Heartening news for BMT survivors
October 4, 2012 | by City of Hope
We hear about how bone marrow transplants save the lives of so many people with blood cancers. Yet nothing comes without a cost. Because of the effects of cancer treatment, up to a third of these survivors end up with a variety of problems like diabetes, high blood pressure and high cholesterol, according to a study done at City of Hope.
These are all factors that can lead to heart attack, stroke and heart failure.
If it’s not one thing, it’s another, right?
But hold on. Bone marrow transplant patients don’t necessarily have to develop these problems. It’s not a matter of fate. Doctors actually might be able to do something to head them off before they happen.
“The silver lining behind these findings is that these are modifiable risk factors,” said City of Hope pediatric hematologist and oncologist Saro Armenian, D.O., M.P.H., lead author of a study that explores the topic in the journal Blood.
Researchers looked at the medical records of nearly 1,900 patients -- from infants to seniors -- who survived for at least a year after their bone marrow transplant in the late 1990s and early 2000s.
They found that cardiovascular problems in these patients were triggered by treatments they received before transplant, like radiation, as well as by treatments after transplant to fight complications like graft-versus-host disease.
The findings should help doctors identify which patients should be closely monitored – and aggressively treated – to prevent complications from cardiovascular disease.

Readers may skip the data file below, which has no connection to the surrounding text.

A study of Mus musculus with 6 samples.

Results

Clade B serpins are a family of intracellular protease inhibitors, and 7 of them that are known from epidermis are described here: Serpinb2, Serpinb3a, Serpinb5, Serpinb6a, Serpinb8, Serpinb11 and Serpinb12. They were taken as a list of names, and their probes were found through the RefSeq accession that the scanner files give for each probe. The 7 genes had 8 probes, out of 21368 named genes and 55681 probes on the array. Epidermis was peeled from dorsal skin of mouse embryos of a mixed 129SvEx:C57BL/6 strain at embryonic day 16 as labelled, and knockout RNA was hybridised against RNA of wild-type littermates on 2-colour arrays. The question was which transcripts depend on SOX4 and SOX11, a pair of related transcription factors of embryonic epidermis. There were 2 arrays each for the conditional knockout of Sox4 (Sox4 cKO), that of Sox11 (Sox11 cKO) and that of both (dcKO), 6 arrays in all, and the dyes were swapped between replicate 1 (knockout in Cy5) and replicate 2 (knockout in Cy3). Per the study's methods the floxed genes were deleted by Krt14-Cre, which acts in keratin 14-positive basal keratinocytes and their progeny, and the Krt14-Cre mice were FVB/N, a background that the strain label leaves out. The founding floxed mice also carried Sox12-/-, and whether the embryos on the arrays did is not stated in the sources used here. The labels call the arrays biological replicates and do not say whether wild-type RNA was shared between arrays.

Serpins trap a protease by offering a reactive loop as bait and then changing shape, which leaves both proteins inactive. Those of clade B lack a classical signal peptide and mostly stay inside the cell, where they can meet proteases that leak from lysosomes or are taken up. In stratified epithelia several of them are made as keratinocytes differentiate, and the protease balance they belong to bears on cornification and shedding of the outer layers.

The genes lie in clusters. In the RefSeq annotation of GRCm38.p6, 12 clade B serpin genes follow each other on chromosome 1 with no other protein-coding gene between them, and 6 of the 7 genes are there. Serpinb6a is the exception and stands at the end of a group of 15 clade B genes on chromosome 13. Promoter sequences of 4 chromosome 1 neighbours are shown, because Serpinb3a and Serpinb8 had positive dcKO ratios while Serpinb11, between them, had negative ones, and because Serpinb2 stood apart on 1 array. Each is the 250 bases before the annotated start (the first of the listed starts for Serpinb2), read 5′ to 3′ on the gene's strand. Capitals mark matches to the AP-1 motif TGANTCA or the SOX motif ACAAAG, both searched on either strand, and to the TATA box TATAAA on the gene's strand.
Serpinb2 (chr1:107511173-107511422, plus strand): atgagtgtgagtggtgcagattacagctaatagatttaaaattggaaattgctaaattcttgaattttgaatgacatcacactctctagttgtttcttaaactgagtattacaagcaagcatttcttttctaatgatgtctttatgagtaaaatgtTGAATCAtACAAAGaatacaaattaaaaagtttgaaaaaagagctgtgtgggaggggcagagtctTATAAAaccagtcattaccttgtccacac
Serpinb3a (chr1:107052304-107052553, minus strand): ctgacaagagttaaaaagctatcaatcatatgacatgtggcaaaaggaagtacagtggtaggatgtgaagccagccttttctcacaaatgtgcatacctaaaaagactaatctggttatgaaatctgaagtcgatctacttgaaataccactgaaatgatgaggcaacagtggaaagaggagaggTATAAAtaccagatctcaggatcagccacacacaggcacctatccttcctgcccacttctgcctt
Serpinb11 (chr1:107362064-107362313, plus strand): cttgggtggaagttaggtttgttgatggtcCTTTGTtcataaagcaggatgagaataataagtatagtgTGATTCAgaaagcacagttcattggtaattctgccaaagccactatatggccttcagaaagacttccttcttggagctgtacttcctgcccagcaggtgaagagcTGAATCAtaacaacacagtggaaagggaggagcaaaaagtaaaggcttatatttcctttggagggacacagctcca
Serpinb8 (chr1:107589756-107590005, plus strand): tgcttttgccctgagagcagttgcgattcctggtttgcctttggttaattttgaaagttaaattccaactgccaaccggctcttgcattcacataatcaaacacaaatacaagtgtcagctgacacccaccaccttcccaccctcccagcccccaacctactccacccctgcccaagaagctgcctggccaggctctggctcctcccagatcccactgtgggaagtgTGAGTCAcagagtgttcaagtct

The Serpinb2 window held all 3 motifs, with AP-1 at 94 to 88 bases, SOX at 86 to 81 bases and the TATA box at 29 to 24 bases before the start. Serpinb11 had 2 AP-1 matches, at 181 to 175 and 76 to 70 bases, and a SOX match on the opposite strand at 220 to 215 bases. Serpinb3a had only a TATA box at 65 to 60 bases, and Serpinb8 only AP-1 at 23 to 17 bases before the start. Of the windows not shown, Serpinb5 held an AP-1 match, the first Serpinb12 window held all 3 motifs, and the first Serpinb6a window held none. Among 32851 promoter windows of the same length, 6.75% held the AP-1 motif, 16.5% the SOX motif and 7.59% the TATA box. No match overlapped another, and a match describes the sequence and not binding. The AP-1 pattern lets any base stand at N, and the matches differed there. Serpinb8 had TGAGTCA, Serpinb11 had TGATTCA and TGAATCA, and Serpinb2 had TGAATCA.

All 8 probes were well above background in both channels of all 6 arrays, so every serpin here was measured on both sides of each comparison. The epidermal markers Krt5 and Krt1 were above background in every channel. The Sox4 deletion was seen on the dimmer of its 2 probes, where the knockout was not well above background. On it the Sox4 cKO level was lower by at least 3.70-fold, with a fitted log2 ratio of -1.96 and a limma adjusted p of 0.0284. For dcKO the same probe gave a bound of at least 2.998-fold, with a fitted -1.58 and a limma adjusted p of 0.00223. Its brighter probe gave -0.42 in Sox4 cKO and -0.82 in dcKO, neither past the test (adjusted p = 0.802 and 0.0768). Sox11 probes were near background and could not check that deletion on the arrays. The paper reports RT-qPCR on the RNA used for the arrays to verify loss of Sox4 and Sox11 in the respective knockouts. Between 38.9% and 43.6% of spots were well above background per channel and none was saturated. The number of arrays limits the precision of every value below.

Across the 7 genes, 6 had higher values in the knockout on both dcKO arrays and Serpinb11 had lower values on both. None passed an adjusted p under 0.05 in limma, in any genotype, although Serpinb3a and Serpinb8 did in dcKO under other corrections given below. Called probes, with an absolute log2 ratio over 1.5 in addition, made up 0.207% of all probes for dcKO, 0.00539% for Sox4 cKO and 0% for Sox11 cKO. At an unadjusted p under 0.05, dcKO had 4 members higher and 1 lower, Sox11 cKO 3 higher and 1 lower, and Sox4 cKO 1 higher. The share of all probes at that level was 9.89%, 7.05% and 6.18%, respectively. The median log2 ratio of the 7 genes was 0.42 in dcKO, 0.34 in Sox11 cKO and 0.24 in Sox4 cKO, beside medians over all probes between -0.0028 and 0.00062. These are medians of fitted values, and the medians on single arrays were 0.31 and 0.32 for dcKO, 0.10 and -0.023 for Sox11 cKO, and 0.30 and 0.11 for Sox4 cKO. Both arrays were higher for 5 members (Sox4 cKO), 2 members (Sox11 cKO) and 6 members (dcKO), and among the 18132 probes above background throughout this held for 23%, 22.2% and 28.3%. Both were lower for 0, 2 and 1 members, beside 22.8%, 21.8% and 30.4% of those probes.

Across the world, health experts urge otherwise healthy people to cut the risk associated with diabetes, hypertension and high cholesterol by taking certain steps including exercising and taking preventive medications.
There’s reason to believe that the same kinds of steps can help bone marrow transplant survivors.
It’s interesting to see such a shift taking place in the consciousness of doctors, nurses and other health-care professionals. We’re no longer just throwing a sort of medical bomb at cancer in hopes of killing it, and then dealing with the aftermath later. Physicians are increasingly looking at how to adjust cancer treatment and follow up appropriately to keep patients healthy in their years after cancer.
“We’re really thinking about long-term chronic issues that come up with cancer survivors, and how we can actually improve patients’ lifestyle,” Armenian says.
Thanks to strides in clinical trials and all aspects of care, transplant recipients are living longer, he says. “I’m happy to say we have the privilege now of looking at long-term survivors and their overall health.”